Learning How to Create a Macro Image with Focus Stacking

This attempt is my second serious try at doing macro. I used a focus stacking technique from a blog post by Don Komarechka. The technique uses Photoshop CC’s Auto-Align and Auto-Blend Layers feature. My initial results were mixed. I don’t think I shot enough images to stack, and I think something moved slightly between captures. I re-read the blog post a few times and tried again tonight.

This image is a flower from a bouquet my wife cut at the local organic farm (CSA). I staged the flower on a stool I placed in my living room. I used a FotodioX extension tube with a Nikkor AF-S 85mm f/1.8 lens and a Nikon SB-600 flash. I mounted the camera on a macro rail. I set the flash on manual, and the shutter speed was 1/200s at ISO 100.

I focused the lens at the near edge of the flower pollen area, and I adjusted the rail incrementally toward the far end of the pollen area. I took about 30 images, but I used 28 photos to make this final image. I pulled the 28 images into Photoshop and used the Auto-Align Layers function. I then used the Auto-Blend Layers function and then flattened the layers. I exported the final image back into Adobe Lightroom.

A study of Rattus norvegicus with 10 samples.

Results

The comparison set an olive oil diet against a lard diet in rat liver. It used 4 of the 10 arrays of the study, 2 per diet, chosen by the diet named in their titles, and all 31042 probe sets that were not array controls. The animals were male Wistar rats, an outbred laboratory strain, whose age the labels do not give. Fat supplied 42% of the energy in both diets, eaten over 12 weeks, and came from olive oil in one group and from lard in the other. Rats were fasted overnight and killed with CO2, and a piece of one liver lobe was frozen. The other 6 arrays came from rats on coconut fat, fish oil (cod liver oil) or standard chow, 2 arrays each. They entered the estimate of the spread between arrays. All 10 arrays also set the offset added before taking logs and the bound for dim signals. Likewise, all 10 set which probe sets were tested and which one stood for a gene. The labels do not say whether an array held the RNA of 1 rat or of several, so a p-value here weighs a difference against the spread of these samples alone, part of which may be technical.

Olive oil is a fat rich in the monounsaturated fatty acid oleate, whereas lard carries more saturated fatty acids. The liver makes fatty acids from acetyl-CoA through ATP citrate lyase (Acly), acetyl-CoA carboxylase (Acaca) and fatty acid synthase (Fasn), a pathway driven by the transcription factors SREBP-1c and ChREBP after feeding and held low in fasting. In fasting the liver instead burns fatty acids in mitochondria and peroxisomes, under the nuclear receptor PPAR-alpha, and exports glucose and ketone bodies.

The capture, import, blending, and re-import took about 30 minutes. At this point, I was tired, and I just wanted to be done with the effort, so I so quickly applied Auto-Tone then -70 on the highlights and set vibrancy to +33.

I am somewhat proud of my results. I learned a lot. I learned to overcome my vanity. I had to use reading glasses to see the LCD screen clearly so I could focus. I had to be patient as I made slight adjustments on the rail and shot each frame. I had to think through what I wanted to accomplish and what I needed to do to get a good result. I learned that I could operate my camera entirely in manual mode.

Personal insight: For live outdoor subjects, macro photography is 10% focusing, 40% patience and 50% dumb luck.